Alpaca fibre can be valued in many ways, depending on the market the producer is selling to. Actual prices obtained by the producer are influenced by all the factors influencing any other farm product, including market niche, geographic location and supply and demand.
In the United Kingdom the alpaca industry is still a breeder's market due to the relatively small size of the national herd. This has led to the promulgation of certain claims about the value of alpaca fibre that may not accurately reflect the value of the fibre.
Adult Fleece £30.00 blanket approx. 1.5 - 2.5 KG £2 postage
Neck and Legs
For instance, it is quite easy to find claims of raw alpaca fibre selling for £7 - £10 an ounce. While it is undoubtedly true that some fibre producers are obtaining prices such as these by selling to fibre artisans, it would be foolish to conclude that alpaca fibre obtains such high prices across the board.
Relatively speaking, alpaca is a very valuable fibre, but the emphasis must be on the word "relative". It is our opinion that one must look to commercial markets in order to establish the base value of this fibre. Adult Fleece £20.00 neck and Legs approx. 1.5 - 2 KG £4 postage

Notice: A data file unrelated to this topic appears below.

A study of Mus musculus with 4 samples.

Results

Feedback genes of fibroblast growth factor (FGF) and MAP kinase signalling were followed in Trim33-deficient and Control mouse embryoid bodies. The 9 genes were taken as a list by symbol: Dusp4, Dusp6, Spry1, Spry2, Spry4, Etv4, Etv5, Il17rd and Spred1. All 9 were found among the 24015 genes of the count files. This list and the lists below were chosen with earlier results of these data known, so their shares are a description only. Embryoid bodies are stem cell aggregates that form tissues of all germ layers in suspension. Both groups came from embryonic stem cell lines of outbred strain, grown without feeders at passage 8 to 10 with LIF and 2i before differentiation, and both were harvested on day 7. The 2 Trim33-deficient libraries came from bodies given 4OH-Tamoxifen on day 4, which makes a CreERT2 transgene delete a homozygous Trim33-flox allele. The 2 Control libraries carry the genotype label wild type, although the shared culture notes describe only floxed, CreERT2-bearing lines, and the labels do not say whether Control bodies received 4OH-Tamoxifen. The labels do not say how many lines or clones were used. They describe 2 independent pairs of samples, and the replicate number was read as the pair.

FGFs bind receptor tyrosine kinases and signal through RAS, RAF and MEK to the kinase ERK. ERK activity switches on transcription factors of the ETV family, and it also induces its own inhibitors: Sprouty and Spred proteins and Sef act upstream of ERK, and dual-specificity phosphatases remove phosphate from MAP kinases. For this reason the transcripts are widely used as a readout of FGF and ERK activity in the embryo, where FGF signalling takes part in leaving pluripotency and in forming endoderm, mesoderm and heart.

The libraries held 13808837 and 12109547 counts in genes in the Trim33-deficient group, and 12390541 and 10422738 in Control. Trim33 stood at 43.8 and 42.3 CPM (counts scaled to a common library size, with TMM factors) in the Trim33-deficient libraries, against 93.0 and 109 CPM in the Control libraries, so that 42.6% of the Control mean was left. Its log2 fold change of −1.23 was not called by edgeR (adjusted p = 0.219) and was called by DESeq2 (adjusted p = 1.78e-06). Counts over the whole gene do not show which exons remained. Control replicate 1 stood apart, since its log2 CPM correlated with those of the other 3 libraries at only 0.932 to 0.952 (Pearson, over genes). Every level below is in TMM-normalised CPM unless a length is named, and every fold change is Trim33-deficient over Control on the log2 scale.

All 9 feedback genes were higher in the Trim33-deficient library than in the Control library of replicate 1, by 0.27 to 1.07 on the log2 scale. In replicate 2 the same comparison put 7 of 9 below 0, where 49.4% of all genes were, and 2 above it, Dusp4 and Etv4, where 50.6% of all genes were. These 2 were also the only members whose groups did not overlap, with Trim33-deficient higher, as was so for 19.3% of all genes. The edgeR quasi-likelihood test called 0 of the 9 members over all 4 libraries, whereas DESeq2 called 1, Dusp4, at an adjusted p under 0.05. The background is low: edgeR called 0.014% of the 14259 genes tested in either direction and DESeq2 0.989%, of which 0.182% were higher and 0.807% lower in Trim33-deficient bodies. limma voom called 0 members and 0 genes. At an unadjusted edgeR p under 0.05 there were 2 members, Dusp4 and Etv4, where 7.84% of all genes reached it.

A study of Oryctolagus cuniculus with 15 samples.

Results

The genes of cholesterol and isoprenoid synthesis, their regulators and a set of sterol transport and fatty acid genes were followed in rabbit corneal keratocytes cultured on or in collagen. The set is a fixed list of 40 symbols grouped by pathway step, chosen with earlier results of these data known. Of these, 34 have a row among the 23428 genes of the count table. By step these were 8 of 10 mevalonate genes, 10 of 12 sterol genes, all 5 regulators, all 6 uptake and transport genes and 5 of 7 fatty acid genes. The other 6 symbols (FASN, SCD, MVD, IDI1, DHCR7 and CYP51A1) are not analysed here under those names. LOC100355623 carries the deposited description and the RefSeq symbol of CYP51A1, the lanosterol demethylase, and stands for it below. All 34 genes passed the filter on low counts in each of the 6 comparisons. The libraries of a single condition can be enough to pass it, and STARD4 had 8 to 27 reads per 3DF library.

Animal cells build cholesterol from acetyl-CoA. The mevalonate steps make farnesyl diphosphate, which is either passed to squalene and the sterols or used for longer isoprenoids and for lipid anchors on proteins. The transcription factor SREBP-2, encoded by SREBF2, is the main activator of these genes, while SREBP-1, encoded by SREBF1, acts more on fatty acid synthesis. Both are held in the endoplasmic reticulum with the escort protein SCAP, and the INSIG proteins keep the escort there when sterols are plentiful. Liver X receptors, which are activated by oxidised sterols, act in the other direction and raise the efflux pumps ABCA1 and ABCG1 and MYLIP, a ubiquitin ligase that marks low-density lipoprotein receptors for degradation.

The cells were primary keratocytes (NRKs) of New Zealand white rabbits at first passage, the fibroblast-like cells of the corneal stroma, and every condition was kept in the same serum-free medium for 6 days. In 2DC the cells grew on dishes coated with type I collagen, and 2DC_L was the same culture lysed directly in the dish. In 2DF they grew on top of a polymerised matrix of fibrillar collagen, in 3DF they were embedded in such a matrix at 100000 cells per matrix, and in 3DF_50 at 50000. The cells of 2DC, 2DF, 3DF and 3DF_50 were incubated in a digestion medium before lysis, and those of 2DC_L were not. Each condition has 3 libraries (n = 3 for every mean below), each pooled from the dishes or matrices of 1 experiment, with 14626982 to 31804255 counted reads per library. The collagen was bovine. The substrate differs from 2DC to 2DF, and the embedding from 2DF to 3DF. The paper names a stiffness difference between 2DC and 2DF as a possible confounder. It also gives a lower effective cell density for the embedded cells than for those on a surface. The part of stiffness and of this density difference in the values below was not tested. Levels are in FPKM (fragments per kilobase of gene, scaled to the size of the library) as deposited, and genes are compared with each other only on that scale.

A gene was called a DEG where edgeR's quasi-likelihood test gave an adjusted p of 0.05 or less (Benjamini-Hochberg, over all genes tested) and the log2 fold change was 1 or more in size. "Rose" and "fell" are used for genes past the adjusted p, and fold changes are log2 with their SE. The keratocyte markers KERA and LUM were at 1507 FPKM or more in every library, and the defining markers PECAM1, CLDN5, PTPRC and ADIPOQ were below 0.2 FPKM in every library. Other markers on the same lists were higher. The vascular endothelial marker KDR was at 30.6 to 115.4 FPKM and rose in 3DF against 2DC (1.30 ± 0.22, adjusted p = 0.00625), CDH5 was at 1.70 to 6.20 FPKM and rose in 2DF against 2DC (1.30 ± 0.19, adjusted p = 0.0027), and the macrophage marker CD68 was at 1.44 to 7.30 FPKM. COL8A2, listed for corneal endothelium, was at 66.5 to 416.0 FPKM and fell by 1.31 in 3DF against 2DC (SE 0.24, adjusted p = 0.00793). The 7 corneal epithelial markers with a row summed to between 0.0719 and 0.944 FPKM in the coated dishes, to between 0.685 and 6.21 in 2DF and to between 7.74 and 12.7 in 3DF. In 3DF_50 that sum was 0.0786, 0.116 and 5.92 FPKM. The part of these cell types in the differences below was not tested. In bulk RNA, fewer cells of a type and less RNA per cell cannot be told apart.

The value of any natural fibre depends largely on its grade - usually established by its micron. In the global commodity markets baby grade (less than 22 micron) alpaca tops (that is fibre that has been processed to the point that it is ready for spinning into yarn) has ranged from about £25- £38 a kilogram over the past 10 years - roughly £12- £20 a pound.
Recent prices (2021) for equivalent grade of wool are around £3.75 a pound.
Prices for similar grade mohair is around £3.75 a pound.
Clearly, alpaca is a valuable natural fibre, even in the commodity market.
Producers will obtain the best prices when they "value add" the fibre. For the small producer this can be done several ways:
- Small scale, on farm processing, including skirting, grading, washing and carding the fibre into batts usable by fibre artisans.
- Custom processing, using any of several "mini-mills" that are available. Fiber can be turned into batts, roving’s, felted sheets or finished yarns for sale into the local market.
- Participation in a fibre pool or a fibre cooperative in order to take advantage of economies of scale unavailable to the individual producer
Producers engaged in value adding their fibre and selling into the local market via farm-based stores, local farmer's markets, or local shops can realistically expect to obtain prices as high as £75-£90 a pound with gross margins of 50% or more.